To understand the nature of mechanisms controlling blood vessels involved in adjusting exercising muscle blood flow (and thereby oxygen delivery), how disturbances and disease affect this control, and how exercise training can restore/improve this control.
Our tolerance for physical activity plays an important role in our quality of life, and depends in part on how well our muscle's demand for oxygen is met. This requires that the cardiovascular system constantly adjusts blood flow to active muscles while maintaining arterial blood pressure. Accomplishing these goals requires integrated control of cardiac output with vasodilation and vasoconstriction of both exercising skeletal muscle and other vascular beds.
Basic Science Research in our laboratory is aimed at finding answers to the fundamental questions:
•How is matching oxygen delivery to demand in the exercising muscle achieved?
•Are there important differences between individuals in the mechanisms involved in this matching and in their effectiveness?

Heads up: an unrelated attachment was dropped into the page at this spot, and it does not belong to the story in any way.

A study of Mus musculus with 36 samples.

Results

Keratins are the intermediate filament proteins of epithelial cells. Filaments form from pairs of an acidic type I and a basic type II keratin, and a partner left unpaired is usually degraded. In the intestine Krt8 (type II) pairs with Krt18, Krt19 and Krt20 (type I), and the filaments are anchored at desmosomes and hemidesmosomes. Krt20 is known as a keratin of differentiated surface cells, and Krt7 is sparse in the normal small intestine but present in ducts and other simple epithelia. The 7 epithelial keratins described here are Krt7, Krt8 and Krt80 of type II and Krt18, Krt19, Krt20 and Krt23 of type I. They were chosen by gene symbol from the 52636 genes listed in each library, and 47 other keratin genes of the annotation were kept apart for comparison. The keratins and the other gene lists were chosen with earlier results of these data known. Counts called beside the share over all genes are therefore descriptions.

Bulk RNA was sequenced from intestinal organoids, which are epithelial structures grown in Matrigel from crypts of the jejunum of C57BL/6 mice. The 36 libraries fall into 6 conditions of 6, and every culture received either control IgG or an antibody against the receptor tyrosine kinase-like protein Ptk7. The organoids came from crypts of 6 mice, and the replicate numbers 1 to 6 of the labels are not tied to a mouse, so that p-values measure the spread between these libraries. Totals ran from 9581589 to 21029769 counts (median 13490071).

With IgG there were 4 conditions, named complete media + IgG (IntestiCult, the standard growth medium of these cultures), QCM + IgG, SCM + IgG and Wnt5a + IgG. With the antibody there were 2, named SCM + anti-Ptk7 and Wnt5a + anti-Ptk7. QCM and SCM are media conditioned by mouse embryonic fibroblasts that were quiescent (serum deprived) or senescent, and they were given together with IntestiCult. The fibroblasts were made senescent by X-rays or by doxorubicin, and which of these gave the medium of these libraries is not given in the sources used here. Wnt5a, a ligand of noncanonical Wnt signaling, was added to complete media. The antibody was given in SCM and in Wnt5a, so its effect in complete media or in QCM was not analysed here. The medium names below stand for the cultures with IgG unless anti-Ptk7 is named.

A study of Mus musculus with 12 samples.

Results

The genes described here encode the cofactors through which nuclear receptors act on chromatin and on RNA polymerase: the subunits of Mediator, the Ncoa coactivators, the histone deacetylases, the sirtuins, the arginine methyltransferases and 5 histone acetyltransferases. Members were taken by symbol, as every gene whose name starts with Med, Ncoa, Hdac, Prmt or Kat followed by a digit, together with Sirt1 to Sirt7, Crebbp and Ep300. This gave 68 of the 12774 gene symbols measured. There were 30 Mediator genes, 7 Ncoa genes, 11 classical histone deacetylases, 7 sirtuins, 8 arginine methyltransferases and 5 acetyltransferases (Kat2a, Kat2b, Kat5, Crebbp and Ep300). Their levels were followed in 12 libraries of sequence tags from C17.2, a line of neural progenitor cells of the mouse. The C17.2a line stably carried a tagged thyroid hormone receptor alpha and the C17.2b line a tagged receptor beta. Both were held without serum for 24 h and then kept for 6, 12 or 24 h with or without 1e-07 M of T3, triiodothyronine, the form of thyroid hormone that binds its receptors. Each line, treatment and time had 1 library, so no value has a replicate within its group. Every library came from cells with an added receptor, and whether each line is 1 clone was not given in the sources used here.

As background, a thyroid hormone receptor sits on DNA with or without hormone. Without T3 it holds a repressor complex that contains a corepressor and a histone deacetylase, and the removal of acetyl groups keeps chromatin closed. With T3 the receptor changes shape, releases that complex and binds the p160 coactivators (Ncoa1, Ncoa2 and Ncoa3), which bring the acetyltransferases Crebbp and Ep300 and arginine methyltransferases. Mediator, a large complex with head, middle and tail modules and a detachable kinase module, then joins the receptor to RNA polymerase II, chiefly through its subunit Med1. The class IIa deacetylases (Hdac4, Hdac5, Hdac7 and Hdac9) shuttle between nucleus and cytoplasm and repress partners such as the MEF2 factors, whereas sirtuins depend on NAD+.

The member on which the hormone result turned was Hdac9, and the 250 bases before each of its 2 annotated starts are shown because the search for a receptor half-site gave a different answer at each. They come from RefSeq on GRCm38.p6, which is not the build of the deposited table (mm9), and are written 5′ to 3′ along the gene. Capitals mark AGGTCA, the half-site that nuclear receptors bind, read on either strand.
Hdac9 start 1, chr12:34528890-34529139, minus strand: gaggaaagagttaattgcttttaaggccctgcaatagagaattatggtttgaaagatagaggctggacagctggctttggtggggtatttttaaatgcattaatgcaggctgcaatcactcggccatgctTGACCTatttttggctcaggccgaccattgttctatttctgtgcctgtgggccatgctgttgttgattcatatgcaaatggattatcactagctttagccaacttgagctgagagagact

•Can these mechanisms be improved by exercise training, and if so, does the type of exercise training matter?
Biomedical Research in our laboratory is aimed at finding answers to the fundamental questions:
•In what way are mechanisms involved in matching oxygen delivery to exercising muscle demand impaired in various patient populations (eg type 2 diabetes, peripheral artery disease), resulting in impaired exercise tolerance?
•Does dietary nitrate improve the matching of oxygen delivery and oxygen demand and result in improvements in exercise tolerance in these patients?
An additional Basic and Biomedical Research initiative that has begun in collaboration with colleagues in the Centre for Neuroscience Studies here at Queen’s University is aimed at understanding the mechanisms by which different types of exercise improve brain plasticity in older adults, and how exercise and cognitive training can best be combined to improve cognitive function, brain structure and cerebrovascular health.